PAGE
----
In the years since Obama became president, the words ‘electronic health care records’ have been uttered and written many times. Usually they have been used in a positive context, as a factor capable of reducing health care cost and improving efficiency. It’s hard to find anyone who want to retain handwritten paper medical records, and the poor legibility and consequential medical errors that come with it. Among other benefits, electronic health records help standardize forms and terminology; they facilitate data input as well as the collection, analysis and application of such data for the benefit of the individual patient (treatment) and the patient population (clinical studies).
The last years have shown an acceleration in the development of a powerful new tool in establishing uniformity in electronic health records. Enter SNOMED CT (Systematized Nomenclature of Medicine — Clinical Terms), a systematically organized computer-processable collection of medical terminology that covers an impressive area of clinical information such as diseases, findings, procedures, microorganisms, pharmaceuticals etc. The goal of SNOMED CT is to support the development of electronic health records systems that allow for a correct retention, processing and exchange of unambiguous clinical records. There is a need to exchange clinical information consistently between health care providers, care settings and researchers and because medical information is recorded differently from place to place (on paper or electronically), a comprehensive, unified medical terminology system is needed as part of the information infrastructure.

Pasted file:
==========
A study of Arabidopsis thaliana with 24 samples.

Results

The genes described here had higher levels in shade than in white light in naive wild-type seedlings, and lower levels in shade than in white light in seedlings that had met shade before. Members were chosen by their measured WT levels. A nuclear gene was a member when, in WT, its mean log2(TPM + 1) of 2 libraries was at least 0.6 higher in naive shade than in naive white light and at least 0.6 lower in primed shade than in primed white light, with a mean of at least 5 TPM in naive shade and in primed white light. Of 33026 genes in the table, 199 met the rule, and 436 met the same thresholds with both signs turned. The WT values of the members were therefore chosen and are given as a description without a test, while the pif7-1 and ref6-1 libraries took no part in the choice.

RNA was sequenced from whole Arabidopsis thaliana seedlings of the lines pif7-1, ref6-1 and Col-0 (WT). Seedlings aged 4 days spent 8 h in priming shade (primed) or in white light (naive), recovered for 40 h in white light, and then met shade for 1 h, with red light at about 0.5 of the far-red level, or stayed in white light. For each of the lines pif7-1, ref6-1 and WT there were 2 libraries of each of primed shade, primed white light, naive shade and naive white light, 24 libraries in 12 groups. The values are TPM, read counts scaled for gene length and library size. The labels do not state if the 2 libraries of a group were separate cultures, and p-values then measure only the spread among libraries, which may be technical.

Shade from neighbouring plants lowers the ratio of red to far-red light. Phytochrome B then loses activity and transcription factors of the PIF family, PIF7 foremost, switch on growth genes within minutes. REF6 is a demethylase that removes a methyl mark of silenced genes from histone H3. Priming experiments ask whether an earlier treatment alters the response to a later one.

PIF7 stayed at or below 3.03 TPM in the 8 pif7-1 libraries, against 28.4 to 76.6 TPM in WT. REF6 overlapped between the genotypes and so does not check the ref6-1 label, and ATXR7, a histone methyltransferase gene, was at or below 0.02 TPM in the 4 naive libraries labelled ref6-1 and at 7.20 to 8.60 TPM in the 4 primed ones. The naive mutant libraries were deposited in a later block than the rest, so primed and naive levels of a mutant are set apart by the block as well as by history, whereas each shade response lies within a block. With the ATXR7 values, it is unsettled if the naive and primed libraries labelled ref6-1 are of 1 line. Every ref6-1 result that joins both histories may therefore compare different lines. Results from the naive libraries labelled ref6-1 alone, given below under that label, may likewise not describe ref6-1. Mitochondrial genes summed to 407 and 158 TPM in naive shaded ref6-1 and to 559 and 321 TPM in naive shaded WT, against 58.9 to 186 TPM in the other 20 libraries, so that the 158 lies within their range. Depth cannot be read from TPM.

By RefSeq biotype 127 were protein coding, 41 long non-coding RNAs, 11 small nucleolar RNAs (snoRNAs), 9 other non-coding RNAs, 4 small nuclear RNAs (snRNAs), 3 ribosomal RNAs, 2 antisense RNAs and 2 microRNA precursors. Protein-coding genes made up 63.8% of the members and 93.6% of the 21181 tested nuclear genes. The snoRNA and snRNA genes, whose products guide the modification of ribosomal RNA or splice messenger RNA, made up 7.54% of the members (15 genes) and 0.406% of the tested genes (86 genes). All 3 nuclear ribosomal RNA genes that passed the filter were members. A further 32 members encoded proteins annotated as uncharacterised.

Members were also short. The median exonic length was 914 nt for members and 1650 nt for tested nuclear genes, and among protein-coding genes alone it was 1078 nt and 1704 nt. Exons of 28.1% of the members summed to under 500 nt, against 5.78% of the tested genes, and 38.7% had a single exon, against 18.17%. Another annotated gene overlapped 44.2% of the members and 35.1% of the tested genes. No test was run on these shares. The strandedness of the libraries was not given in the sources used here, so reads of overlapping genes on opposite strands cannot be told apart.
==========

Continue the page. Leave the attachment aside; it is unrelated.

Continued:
Clinicians and organizations use different clinical terms that mean the same thing. For example, the terms heart attack, myocardial infarction, and MI may mean the same thing to a cardiologist, but to a computer, they are all different. SNOMED CT is considered to be the most comprehensive, multilingual clinical healthcare terminology in the world and it allows a consistent way to index, store, retrieve, and aggregate clinical data across specialties and sites of care. It also helps organizing the content of medical records, reducing the variability in the way data is captured, encoded and used for clinical care of patients and research.
Each year, avoidable deaths and injuries occur because of poor communication between healthcare practitioners. The delivery of a standard clinical language for use across the world’s health information systems can therefore be a significant step towards improving the quality and safety of healthcare. SNOMED CT aims to improve patient care through the development of systems to accurately record health care encounters. Ultimately, patients will benefit from the use of SNOMED CT, for building and facilitating communication and interoperability in electronic health data exchange.